I trained at Nashville MMA for just over a year and it went through a lot of changes since I first started training there, so things may have continued to change, though I think things have settled into a pretty organized setting since I left and are pretty well set in how it was when I left.
For striking, Nashville MMA has a class they call "Combat Thai" which is basically a class suited towards preparing it's students for MMA competition and self defense, focusing about 70% class time on muay thai techniques while the other 30% focuses on grappling and some MMA-centric skill sets (ground£, safely getting to your feet etc.). The Combat Thai class is taught primarily by Ray Casias (a veteran MMA fighter with 10+ years of fight experience and purple belt in BJJ) and Ryan Delarenzo (an extremely talented, undefeated MMA fighter with awesome muay thai skills).
The Combat Thai class is probably not going to be the best training for someone who's main focus is serious competition in muay thai/kickboxing, though it will provide solid basics for them and is a good class for anyone interested in getting started in MMA. The Combat Thai class also has a colored belt grading system, certified by Lloyd Irvin. The belt testing is free and requires the skill sets learned in class be applied in a live sparring session.
For more advanced students who are serious about competition and real fight training, there is the Combat Athlete class which is an intense session of MMA fight training. The Combat Athlete is a very rigorous session usually run by Ed Clay, the owner of the gym (undefeated MMA fighter, brown belt under Lloyd Irvin). Ed Clay is a very no-nonsense coach and pushes his fight team extemely hard.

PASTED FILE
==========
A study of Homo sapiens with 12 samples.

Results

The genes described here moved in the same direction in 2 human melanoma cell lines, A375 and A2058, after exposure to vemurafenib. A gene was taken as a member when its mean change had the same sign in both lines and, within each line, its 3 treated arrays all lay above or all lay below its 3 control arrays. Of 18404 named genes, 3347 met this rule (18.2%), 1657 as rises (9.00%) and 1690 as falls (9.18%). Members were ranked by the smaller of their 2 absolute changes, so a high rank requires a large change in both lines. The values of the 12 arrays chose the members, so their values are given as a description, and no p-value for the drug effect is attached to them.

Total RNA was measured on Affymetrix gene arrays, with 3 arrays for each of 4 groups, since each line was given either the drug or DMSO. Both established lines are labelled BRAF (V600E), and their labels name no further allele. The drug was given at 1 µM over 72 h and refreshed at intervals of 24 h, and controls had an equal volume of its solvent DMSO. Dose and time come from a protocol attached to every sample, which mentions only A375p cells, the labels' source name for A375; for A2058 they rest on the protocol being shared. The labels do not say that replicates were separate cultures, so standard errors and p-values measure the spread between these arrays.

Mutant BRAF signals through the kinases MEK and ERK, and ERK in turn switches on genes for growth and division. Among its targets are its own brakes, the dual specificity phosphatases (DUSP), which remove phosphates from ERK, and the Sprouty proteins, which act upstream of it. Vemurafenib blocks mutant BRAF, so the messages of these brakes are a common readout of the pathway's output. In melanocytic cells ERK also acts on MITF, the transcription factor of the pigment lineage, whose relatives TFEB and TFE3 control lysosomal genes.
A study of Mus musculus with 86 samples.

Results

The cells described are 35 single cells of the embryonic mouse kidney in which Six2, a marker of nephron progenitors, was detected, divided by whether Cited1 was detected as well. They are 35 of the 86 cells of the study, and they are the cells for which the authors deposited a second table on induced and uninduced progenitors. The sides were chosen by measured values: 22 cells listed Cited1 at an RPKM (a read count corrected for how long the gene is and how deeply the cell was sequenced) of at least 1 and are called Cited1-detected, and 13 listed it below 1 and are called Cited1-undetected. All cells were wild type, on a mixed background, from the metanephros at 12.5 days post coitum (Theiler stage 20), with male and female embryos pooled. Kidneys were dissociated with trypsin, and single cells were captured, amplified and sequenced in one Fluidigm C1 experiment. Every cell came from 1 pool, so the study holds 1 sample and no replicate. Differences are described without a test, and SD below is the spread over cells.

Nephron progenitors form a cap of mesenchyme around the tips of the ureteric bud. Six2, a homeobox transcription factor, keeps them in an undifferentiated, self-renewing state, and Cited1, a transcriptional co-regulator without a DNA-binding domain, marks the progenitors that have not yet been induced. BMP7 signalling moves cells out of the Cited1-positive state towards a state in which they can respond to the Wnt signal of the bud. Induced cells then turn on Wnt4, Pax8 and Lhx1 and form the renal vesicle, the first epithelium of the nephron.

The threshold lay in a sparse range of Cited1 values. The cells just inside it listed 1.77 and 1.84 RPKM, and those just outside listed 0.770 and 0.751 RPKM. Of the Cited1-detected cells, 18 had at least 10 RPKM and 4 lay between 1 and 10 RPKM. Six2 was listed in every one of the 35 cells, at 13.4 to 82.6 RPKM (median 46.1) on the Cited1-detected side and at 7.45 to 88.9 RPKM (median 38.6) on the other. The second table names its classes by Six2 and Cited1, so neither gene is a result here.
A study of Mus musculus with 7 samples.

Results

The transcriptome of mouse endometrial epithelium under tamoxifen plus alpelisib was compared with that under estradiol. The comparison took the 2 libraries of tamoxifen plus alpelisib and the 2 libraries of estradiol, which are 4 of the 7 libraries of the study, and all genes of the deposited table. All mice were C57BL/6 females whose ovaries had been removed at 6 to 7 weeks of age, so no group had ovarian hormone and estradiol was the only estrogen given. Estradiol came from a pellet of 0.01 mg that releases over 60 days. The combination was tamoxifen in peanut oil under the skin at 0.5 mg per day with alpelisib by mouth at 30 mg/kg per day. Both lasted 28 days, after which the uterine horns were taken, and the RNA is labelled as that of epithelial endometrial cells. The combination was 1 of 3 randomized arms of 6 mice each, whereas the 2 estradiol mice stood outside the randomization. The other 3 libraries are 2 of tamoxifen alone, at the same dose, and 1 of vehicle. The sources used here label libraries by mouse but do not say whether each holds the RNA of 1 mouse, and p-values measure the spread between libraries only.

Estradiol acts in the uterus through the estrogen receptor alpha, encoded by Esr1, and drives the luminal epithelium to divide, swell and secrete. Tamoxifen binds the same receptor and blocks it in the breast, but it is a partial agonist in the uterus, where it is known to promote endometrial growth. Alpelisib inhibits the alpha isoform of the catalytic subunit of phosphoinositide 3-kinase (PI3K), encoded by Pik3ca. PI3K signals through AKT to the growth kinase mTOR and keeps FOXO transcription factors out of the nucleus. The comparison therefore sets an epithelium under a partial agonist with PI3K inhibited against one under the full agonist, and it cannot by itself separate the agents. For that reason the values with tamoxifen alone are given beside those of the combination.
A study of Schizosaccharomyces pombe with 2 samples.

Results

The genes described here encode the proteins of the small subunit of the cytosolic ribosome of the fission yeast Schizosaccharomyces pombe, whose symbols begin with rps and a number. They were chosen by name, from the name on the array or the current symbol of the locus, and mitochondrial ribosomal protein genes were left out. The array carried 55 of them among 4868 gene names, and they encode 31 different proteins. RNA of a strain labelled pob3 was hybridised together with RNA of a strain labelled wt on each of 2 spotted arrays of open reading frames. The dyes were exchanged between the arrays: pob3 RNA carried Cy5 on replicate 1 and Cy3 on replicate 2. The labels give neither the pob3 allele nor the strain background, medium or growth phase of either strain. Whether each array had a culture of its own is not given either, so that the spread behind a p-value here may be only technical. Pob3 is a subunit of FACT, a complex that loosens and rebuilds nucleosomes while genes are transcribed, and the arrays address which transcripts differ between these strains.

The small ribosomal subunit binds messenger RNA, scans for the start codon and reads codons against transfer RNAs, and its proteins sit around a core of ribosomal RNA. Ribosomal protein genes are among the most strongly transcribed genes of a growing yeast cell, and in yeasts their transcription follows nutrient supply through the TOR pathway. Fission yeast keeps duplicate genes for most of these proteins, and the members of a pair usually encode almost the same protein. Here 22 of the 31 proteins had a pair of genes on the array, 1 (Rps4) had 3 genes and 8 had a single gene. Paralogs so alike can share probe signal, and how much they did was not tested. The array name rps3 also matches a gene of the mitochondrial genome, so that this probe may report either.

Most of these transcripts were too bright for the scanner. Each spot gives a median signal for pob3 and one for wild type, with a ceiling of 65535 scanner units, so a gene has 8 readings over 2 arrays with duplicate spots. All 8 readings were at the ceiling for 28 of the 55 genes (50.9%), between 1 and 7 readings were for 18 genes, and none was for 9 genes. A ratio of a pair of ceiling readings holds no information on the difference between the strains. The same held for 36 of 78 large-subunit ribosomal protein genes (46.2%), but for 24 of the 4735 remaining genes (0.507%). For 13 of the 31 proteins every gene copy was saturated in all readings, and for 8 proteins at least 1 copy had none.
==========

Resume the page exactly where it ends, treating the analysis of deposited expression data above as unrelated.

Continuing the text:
Shawn Hammonds (brown belt under Lloyd Irvin) generally teaches the BJJ classes, which run several times a day. The BJJ classes have a large focus on wrestling takedowns and rolling sessions start from the feet. There is also a takedowns class several times a week.
There is also a cardio kickboxing class usually held twice a day and a kids class held 3 times a week.
One of the best things about Nashville MMA is the facilities. Nashville MMA is HUGE at 16,000sq feet. There are two very large matts for BJJ, two full size boxing rings (one elevated, one floor level), a full sized cage for MMA, 6 heavy bags, a rack with (I believe) 20 150lb banana bags, 3 speed bags (they were kinda cheap when I was there, but Ed may have replaced them), and other equipment.
Nashville MMA has a very successful fight team, last year winning 9/10 MMA fights.
yeah, I trained there for about 6 months in bjj and it was great. Shawn is a brown belt with lots of competition experience- good guy and you can tell he likes teaching. One of the best things is there is a ton of mat space, nice for sparring. We always started on our feet, so you get lots of takedown practice, which seems to be an exception for bjj schools. I moved away and I miss training there.
One caveat- if you move make sure that you give 30 days notice and get some proof of a new address to the billing company that handles contracts or you will get harassed. A guy at the gym took care of the problem for me eventually. My own fault b/c I was too casual about it.
I've been on the mat with Ed and Shawn and they are great guys.
Recently took my heavyweight down to Nashville MMA at the invitation of their new team Manager Mike Camp. It was a great gym and great workout for my guy. They currently have pro Dave "Pee Wee" Herman training there regularly as well as a few other pros.
Ray Casias and Shawn Hammonds are both BB now and Pan Am gold medalists as well. Their striking program is essentially still the same with Ryan Delarenzo and Lance teaching it, both are excellent strikers and show great Muay Thai skills. In my book this place gets a 10.